CHANGE, OF COURSE, is a constant in electronics, and at the International Consumer Electronics Show in Las Vegas, our editors found evidence aplenty of the shifts under way in CE. Here are 10 technologies that we’re betting will alter the consumer electronics landscape this year.
Motion processors harness microelectromechanical system sensors to ascertain not only the orientation of a device, but also its heading and absolute location in three-dimensional space. Fusing the data streams from accelerometers, gyroscopes, magnetometers (compasses) and altimeters (barometric pressure sensors) allows almost anything to be tracked. Gestures thus can control hardware (from game consoles to vehicle navigation systems) or inform software (from security protocols to location-based services, or LBS).
Once the domain of suitcase-sized, spinning gimbaled tops like those used to keep spacecraft and naval vessels on-course, MEMS inertial sensors are now small enough, inexpensive enough and low-power enough for deployment in even the tiniest mobile devices.
Almost overnight, MEMS inertial sensors have become standard issue for everything from drop detection (to lock up a hard drive before it impacts the floor, for example) to gesture recognition (such to activate Siri by merely bringing the iPhone 4S to your ear). Smart TVs are also upgrading to MEMS-laden remotes that more accurately control on-screen cursors by virtue of motion-processing algorithms licensed from Hillcrest Labs and Movea.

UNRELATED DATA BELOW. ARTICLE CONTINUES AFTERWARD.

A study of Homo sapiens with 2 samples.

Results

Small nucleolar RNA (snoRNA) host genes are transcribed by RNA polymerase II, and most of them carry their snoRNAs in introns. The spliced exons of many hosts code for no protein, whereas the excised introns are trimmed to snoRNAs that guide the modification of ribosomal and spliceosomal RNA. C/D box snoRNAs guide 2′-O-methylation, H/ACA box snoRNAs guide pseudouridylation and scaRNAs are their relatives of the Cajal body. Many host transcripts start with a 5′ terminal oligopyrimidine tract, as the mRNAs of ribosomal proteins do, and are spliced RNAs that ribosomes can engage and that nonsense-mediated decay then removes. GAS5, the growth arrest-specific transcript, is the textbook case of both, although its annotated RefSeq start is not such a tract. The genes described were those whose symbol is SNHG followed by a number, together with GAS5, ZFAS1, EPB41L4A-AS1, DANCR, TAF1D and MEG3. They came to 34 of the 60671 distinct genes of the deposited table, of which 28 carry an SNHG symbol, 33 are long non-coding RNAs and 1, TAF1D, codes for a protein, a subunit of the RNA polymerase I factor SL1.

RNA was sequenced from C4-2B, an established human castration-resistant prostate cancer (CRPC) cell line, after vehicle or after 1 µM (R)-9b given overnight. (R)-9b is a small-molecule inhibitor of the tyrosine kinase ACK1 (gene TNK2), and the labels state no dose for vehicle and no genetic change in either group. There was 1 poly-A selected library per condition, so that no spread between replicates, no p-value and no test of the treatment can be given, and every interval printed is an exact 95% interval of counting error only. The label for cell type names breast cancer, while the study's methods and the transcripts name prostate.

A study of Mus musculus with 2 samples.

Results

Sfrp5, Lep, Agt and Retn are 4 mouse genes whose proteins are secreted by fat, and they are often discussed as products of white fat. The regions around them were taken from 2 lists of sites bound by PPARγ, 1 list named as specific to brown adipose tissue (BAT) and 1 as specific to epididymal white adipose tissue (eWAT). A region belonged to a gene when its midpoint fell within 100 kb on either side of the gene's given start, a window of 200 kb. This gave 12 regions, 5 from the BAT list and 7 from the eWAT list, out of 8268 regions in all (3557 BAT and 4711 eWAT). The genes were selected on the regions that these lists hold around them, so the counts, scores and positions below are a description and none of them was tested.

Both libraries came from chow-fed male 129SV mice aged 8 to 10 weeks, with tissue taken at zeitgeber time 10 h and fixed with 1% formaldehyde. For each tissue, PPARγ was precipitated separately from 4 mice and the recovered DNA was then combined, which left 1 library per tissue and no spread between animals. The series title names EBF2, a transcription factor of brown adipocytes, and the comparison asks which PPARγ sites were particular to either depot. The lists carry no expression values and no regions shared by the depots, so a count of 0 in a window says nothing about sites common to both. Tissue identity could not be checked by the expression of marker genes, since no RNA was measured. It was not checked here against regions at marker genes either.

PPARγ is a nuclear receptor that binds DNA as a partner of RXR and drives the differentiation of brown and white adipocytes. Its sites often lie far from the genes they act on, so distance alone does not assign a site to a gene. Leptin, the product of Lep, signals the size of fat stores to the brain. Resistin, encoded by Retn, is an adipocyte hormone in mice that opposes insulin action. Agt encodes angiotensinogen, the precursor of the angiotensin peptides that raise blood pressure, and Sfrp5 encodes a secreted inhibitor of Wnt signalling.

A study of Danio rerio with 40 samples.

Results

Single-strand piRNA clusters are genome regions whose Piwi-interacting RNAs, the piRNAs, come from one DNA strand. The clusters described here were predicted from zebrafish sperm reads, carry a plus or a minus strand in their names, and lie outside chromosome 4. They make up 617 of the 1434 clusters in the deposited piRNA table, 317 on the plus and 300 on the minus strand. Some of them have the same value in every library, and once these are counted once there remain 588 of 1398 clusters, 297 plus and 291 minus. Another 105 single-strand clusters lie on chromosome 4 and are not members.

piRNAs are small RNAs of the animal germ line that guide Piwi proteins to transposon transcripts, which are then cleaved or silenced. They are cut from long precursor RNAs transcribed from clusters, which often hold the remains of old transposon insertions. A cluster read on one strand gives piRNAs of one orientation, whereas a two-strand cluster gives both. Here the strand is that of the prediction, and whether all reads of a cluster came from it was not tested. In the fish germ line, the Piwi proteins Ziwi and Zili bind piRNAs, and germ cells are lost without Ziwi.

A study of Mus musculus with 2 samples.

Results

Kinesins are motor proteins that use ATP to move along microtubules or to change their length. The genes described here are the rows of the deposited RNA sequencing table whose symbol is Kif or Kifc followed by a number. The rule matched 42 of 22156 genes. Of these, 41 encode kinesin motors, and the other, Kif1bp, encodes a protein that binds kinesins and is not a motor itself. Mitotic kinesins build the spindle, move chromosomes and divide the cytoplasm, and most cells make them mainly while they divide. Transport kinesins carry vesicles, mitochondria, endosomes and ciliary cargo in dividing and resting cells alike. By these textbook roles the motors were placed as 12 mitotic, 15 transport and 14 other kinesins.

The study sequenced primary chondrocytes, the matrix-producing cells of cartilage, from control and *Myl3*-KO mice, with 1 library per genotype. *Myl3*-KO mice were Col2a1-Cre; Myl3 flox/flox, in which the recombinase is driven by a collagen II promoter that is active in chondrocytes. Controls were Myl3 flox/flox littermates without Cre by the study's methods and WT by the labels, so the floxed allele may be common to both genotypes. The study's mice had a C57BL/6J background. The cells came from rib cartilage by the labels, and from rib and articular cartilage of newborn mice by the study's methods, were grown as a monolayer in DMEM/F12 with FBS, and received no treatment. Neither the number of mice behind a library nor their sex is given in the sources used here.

In 2012, mobile device makers will begin integrating complete inertial navigation units housing pre-calibrated accelerometers, gyros and magnetometers. Invensense recently announced a complete INU in a single, 4-mm-square package, enabling almost any mobile device to offer LBS, augmented reality and asset tracking. — R. Colin Johnson
@pixies: scary(!) thoughts on extrapolation of networking to higher orders. I have read some what on evolutionary and self-organizing networks but I still consider them dependent on human intervention at least at several phases, for now.
Human beings are already being rendered useless on several fronts with the advances in technology. We are supposed to advance in intellectual thought and their application to work life so we can justify the need for human interaction with processes & tools (in short, work!) but that line of argument seems to be struggling for validation, in some sectors. More automation is rendering human interaction with machines & tools unwanted. I honestly don't know where this stops!
Junko, I will keep you posted. Had a nice chat with the CTO of Mozilla and also have some presentation materials on B2G.
I understand how Mozilla monetizes FireFox but I am still in the dark about B2G's monetization mnodel.
Just wanted to draw attention to CogniVue's - also founding member of EVA - latest Smart Back-Up Camera Application dewarping, object detection & distance estimation running on a single CV2201 processor - 9x9mm2 incl sys mem dissipating ~250mW. How's that for 'powerful, low-cost, energy efficient processors as key enablers of this technology'. Check it out on http://www.youtube.com/user/cognivue/videos
I generally like the list, at least for technology sake... but I think many are solutions looking for problems. One thing is sure, we are networking the heck out of anything and everything! And losing privacy fast!
David Patterson, known for his pioneering research that led to RAID, clusters and more, is part of a team at UC Berkeley that recently made its RISC-V processor architecture an open source hardware offering. We talk with Patterson and one of his colleagues behind the effort about the opportunities they see, what new kinds of designs they hope to enable and what it means for today’s commercial processor giants such as Intel, ARM and Imagination Technologies.